If you enjoy helping people obtain a life skill, you enjoy working with the general public and would like to be self-employed, a career as a driving instructor could be something you are suited too. Driving instructors play a crucial role in boosting the confidence and driving ability of learner drivers and it is a rewarding career path for those who seek to pursue it.
How To Become a Driving Instructor
As long as you are aged 21 or over, have held your driver’s license continuously for more than 3 years and pass the enhanced criminal record and motoring convictions check, you are eligible to become a driving instructor. If you meet the criteria above, the next step is to register with the Driver and Vehicle Standard’s Agency as an approved driving instructor.
Once registered with the DVSA, you need to pass the ADI test, which is broken down into three separate sections.
- ADI Test Part 1 consists of multiple choice theory questions and hazard perception test
- ADI Test Part 2 is a practical driving test, which will assess your driving ability
- ADI Test Part 3 is a practical driving test, assessing your ability to teach the driving syllabus
You are required to pass each section, before progressing onto the next test, however after completing the second test, you are able to apply to become a trainee driving instructor. A trainee instructor license permits you to teach while supervised, it lasts for 6 months and it allows you to gain valuable training experience.
Driving Instructor Training
To pass the overall ADI test, you need to receive coaching from a either driving school or a professional driving instructor trainer. You have a range of training options at this point and you should pick a driving instructor training course that matches your budget and preferred method of practicing once qualified. The cost of your training course ranges between £2000 and £3000 and several large national driving schools provide tuition. Read our driving instructor training guide for more information
Approved Driving Instructor Standards Checks
To ensure all driving instructors offer a high standard of driving tuition, the DVSA requires all instructors to be assessed through the approved driving instructor standards check. The ADI standards check measures your teaching ability and you must pass the check once every four years, to maintain your status as an approved driving instructor. You need to complete the checks, irrespective of whether or not you own a car, or are currently practicing as an instructor. The objective of the test is to ensure you meet the national standards for driver training.
The ADI standards check is graded as follows;
- 0-30 is regarded as a fail
- 31 – 42 is a pass
- 43 – 51 indicates that you are a high quality driving instructor
You have three attempts at passing the standards check and if you fail at the third attempt, you will be removed from the DVSA’s ADI database and required to take all three ADI tests again, to acquire your training license.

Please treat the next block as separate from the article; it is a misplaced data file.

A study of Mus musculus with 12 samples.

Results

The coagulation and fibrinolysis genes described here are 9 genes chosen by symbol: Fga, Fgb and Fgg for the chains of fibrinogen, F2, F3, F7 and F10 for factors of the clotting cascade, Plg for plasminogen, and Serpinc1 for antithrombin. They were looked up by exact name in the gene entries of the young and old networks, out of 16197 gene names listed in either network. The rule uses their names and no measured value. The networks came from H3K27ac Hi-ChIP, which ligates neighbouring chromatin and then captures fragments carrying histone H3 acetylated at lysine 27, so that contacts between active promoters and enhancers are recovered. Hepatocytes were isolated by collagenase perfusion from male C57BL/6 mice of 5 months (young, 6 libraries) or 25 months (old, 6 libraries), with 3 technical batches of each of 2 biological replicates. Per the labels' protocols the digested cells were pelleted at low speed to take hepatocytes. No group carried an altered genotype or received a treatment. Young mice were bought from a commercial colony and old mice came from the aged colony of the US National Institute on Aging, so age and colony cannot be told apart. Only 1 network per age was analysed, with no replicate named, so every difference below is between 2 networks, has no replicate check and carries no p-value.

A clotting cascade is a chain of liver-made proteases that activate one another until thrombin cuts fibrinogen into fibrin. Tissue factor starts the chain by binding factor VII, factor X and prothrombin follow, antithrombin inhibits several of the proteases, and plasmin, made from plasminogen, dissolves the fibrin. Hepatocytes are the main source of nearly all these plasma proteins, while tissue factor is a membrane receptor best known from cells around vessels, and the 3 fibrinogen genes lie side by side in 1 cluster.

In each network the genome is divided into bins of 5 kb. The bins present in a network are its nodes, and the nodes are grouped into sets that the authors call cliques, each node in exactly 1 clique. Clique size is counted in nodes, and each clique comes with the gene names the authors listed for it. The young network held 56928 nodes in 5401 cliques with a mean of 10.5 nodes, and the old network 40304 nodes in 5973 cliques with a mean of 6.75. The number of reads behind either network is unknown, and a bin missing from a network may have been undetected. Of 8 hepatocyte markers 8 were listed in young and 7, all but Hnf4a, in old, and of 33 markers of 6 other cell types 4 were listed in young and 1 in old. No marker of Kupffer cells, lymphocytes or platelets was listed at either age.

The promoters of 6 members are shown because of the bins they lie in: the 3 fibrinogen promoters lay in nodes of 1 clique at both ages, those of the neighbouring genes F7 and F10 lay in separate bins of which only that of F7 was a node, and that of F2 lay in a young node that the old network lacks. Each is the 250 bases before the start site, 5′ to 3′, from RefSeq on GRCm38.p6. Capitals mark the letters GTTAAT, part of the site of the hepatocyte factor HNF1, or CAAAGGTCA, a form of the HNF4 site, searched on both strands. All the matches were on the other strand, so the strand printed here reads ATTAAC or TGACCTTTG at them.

Driving Instructor Salary
Before deciding to become a driving instructor, it is natural to wonder how you much you can expect to earn per year in this career path. Your earning potential varies depending on whether you decide to join a franchise or operate independently and it is also heavily dependent on the location you plan to operate in.
Prospective instructors should factor in the cost of the training, maintenance of your vehicle and any fees owed to the franchise, should you decide to join an existing driving school. On average a driving instructor can expect to earn upwards of £19,000 a year once fully qualified, with this figure rising depending on your experience and whether or not you choose to complete further training. For more information, read our driving instructor salary guide.
Driving Instructor Insurance
To offer driving lessons as a qualified driving instructor, you need to ensure you have the correct insurance cover to do so. All instructors are required by law to be insured and the type of cover you opt for depends on your needs and preferences.
If you plan to teach young learner drivers over 14 years old, you will need specialist off-road tuition cover do so. Some policies provide you with dual controlled courtesy car cover, if you are involved in an accident that you were not at fault for, while other plans come with multi-vehicle cover enabling you to teach in more than one vehicle. For more information read our driving instructor insurance guide.
Driving Instructor Lesson Plans
Visual aids are an important part of learning to drive and they help both you and the student visualise the topic you are teaching. You should have a lesson plan for each subject and contained within this plan, should be a set of pupil handouts that can be given to your students to help reinforce what they have just learnt. You can also use the handouts as homework for students too, which will help cement the previous lesson’s learnings.
Driving Instructor Associations
Once you have qualified as a driving instructor, it is a good idea to join one of the existing national driving instructor associations. These associations are a great source of knowledge and advice, they are run to enhance the profession and they will ensure you remain abreast of any changes and updates that could affect your day to day business. Read our guide for more information on driving instructor associations.